Today's Highlight in History:
On April fifth, 1792, George Washington cast the first presidential veto, rejecting a congressional measure for apportioning representatives among the states.
On this date:
In 1614, American Indian princess Pocahontas married English colonist John Rolfe in Virginia.
In 1621, the "Mayflower" sailed from Plymouth, Massachusetts, on a return trip to England.
In 1649, Elihu Yale, the English philanthropist for whom Yale University is named, was born.
In 1895, playwright Oscar Wilde lost his criminal libel case against the Marquess of Queensberry, who'd accused the writer of homosexual practices.
In 1951, Julius and Ethel Rosenberg were sentenced to death following their conviction on charges of conspiring to commit espionage for the Soviet Union.
In 1964, Army General Douglas MacArthur died in Washington at age 84.
In 1975, nationalist Chinese leader Chiang Kai-shek died at age 87.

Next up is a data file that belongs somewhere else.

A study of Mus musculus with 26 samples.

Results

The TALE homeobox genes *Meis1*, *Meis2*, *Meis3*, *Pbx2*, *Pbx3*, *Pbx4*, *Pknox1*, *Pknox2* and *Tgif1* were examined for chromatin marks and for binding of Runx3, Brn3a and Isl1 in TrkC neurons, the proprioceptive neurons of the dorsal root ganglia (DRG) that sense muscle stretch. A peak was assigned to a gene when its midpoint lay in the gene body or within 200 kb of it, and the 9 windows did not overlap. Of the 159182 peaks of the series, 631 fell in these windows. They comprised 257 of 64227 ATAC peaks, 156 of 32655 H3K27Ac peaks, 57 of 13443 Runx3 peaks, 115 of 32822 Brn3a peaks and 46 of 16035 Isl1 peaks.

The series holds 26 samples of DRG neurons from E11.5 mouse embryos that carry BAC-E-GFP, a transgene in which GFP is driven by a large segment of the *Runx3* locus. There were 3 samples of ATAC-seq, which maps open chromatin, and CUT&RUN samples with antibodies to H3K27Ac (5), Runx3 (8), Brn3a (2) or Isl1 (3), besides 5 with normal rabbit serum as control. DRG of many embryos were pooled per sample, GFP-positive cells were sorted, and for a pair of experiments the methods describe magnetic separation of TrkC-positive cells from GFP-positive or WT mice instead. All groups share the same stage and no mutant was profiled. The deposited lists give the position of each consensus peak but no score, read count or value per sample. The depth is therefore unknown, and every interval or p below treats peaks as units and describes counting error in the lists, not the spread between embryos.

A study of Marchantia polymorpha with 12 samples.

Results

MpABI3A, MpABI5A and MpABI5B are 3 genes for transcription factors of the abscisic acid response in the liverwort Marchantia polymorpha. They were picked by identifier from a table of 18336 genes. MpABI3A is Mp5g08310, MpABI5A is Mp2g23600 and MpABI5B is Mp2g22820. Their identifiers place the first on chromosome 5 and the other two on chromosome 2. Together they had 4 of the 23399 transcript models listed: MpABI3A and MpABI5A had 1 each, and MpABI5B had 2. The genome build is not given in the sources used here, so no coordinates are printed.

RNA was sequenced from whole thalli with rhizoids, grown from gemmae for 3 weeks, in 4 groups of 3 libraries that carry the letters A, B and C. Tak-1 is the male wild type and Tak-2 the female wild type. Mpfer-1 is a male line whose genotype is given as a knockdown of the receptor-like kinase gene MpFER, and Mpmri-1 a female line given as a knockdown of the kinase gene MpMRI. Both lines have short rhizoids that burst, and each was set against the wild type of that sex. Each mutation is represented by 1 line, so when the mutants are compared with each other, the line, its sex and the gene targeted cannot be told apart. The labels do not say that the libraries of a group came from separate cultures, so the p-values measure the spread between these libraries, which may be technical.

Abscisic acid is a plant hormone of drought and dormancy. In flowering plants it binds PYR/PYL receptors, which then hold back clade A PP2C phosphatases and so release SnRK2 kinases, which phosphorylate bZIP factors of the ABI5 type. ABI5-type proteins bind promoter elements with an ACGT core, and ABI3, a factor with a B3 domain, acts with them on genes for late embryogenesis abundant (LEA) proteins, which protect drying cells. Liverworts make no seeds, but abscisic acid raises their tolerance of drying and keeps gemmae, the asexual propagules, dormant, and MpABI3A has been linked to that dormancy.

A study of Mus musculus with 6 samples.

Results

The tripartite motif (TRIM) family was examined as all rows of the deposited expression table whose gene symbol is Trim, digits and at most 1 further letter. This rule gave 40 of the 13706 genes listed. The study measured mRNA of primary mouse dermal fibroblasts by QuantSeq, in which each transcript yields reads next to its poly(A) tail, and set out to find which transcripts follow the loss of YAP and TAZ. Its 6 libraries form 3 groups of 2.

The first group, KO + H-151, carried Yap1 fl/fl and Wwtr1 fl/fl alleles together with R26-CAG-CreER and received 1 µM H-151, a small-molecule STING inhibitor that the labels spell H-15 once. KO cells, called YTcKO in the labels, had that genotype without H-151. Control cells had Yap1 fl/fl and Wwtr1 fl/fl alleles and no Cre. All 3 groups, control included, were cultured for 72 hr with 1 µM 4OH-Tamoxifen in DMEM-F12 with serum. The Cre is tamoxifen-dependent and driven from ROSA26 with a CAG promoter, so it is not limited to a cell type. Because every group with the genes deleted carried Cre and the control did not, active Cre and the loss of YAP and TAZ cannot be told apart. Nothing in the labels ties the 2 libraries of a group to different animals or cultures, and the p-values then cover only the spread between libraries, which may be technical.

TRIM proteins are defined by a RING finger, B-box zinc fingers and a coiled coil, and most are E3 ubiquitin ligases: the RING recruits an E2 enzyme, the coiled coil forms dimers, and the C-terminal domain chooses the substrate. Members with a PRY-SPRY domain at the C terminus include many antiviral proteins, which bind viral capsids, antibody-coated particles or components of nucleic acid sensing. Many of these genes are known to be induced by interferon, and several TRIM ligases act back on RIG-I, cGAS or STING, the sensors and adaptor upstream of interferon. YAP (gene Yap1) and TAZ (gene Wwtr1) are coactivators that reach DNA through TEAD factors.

In 1976, reclusive billionaire Howard Hughes died in Houston at age 72.
In 1988, a 15-day hijacking ordeal began as gunmen forced a Kuwait Airways jumbo jet to land in Iran.
In 1997, Allen Ginsberg, the counterculture guru who shattered conventions as poet laureate of the Beat Generation, died in New York City at age 70.
Ten years ago: The United States and the Soviet Union announced that President Bush and Soviet President Gorbachev would hold their first full-scale summit in the United States in late May-early June.
Five years ago: The House of Representatives passed, 246-to-188, a tax-cut bill, the final major item in the Republicans' "Contract with America."
One year ago: NATO missiles and aircraft blasted Serbian targets inside Yugoslavia for a 13th straight day. The United Nations suspended sanctions against Libya after Moammar Gadhafi surrendered two suspected Libyan intelligence agents for trial in the 1988 Pan Am bombing. In Laramie, Wyoming, Russell Henderson pleaded guilty to kidnapping and felony murder in the death of Matthew Shepard, a gay college student.
"Birth, ancestry and that which you yourself have not achieved can hardly be called your own." -- Greek proverb.